Review: 'The Collection' starring Josh Stewart and Emma Fitzpatrick


The Collection picks up not long after 2009's surprisingly effective horror The Collector, but within a few minutes it becomes clear that they couldn't be more different. Initially designed to be a sort of Saw prequel from franchise scribes Patrick Melton and Marcus Dunstan, The Collector was dark and moody, extremely gory in the torture porn mold. But unlike Saw it had a much tighter focus, and no designs on turning its masked  killer into a moralizing anti-hero for justice.

The Collection ups the horror ante to ridiculous and disturbing levels, while also seeing the series take a decided shift in tone. While still ominous and definitely foreboding, there's also more of a willingness to get a little bit silly and add more of an action-thriller vibe into the mix. It makes for a more efficient, unpredictable experience, and puts it well ahead of where Saw was at this same stage. To be perfectly honest, the film had sold me right from the very beginning, during a highly imaginative, superbly designed slaughter involving a nightclub full of dancing youngsters and a gigantic thresher. For some it may be all the clue they need that this isn't the film for them, but fans of the genre will be sucked in immediately by the spectacle and the wanton violence on display as the crowd is reduced to geysers of blood and body parts. Only one survives the attack, a rich man's daughter named Elena(the luminous Emma Fitzpatrick), whose presence allows for Arkin(Josh Stewart), the last film's "hero" to escape the Collector's clutches. But now Elena is in his grasp, spirited away to his secluded murder world, a maze of elaborate engines of death, with traps designed to kill and maim, and macabre trophies of his many past victims.

It's certainly a stark evolution for the character, and when we see him unleashing an army of drugged out zombies on Arkin and a team of mercenaries hired to save Elena, the inclination is to think they've gone a little overboard. But it works within the context of this film, and as long as Dunstan and Melton don't delve too deep into how he's able to accomplish the many things he does, then it can continue to work for subsequent sequels. Keep the Collector baggage-free, and without confusing us with a complicated backstory. Taking an approach similar to other "invasion"-style films like Aliens, the bulk of the story involves Arkin and the mercs infiltrating the Collector's home, and mostly getting picked off one-by-one in rather inventive ways. Unlike the previous film, Dunstan doesn't seem as interested in scares so much as making you cringe, and he pulls a number of tricks out of his bag in order to do just that. Some, like a room brimming with bloody and dismembered body parts, are almost too disgusting to look at without revisiting your dinner. But the classics are still the most terrifying, like a nest of spiders crawling over bare skin.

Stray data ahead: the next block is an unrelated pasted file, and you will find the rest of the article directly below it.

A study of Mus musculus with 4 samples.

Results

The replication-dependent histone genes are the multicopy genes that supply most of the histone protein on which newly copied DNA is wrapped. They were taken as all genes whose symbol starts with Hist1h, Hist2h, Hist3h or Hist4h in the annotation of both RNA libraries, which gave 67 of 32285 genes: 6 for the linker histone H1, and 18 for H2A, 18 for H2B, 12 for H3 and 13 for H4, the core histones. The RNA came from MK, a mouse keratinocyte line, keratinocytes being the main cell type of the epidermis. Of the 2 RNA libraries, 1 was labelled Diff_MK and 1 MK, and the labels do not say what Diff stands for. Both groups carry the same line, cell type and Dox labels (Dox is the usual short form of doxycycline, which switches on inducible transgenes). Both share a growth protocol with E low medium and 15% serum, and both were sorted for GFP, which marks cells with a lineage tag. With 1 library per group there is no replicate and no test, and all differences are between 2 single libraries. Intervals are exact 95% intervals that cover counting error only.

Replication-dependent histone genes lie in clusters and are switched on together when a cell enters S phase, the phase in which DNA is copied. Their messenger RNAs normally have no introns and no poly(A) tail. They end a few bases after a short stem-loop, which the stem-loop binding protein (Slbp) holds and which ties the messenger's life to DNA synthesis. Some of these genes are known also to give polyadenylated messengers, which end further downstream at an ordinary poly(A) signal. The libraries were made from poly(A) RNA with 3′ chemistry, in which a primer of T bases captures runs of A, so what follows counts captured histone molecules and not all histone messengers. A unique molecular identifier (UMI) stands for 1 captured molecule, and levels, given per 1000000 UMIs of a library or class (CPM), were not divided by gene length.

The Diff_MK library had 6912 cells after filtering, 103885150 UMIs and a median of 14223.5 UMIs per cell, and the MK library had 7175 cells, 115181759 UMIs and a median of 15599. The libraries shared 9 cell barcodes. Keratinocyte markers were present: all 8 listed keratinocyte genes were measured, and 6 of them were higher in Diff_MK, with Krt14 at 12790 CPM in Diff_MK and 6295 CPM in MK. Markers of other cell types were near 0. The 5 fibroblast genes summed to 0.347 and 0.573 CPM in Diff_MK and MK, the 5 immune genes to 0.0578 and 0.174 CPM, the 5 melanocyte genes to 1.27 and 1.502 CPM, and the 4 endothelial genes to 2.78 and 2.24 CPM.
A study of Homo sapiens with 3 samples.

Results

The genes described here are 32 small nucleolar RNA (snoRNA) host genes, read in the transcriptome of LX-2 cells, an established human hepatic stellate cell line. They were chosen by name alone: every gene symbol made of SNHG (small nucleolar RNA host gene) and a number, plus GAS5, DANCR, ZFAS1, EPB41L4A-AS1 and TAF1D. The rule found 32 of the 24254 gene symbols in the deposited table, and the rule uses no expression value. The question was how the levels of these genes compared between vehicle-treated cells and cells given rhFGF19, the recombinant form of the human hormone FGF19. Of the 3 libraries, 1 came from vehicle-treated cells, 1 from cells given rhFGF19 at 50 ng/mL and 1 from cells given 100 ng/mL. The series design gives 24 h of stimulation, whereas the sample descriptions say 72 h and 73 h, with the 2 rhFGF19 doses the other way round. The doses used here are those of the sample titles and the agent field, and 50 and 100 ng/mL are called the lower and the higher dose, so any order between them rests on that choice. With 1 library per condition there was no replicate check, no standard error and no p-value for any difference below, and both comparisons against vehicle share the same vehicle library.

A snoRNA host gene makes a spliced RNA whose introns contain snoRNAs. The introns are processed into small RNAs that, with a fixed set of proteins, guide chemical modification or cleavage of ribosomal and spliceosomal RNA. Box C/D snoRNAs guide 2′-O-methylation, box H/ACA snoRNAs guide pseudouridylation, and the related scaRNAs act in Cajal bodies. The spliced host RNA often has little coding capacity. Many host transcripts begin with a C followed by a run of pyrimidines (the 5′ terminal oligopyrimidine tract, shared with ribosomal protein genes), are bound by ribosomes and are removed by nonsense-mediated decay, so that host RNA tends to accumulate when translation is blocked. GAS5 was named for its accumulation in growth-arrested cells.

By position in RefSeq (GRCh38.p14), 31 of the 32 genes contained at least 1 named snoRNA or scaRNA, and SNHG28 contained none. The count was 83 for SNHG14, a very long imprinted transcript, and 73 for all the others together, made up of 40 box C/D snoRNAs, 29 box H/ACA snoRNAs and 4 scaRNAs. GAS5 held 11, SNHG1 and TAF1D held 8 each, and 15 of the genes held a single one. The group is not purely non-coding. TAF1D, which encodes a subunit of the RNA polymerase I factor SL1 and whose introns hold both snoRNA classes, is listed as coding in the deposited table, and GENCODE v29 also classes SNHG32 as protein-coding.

The film is hurt by Stewart's sleepy and dull performance as Arkin. He's simply not a leading man capable of making us care about his character for the long term, which is a shame because Arkin is actually quite a compelling character. His past as a criminal still informs much of what he does, and we see from time-to-time that he's capable of doing some nasty things to save his own skin. From the moment she appears on screen, Emma Fitzpatrick is clearly the one who is demanding of our fullest attention. As Elena, she gives what could have been just another thankless damsel role a real strength, and with her beauty and wits it's possible the franchise coalesces around her character more than Arkin. She could be a star in the making, and so it's up to Dunstan to keep this promising horror franchise on the right track. Different enough to lure in newcomers while remaining loyal to its fans, The Collection shows a great flair for the wicked and morbid.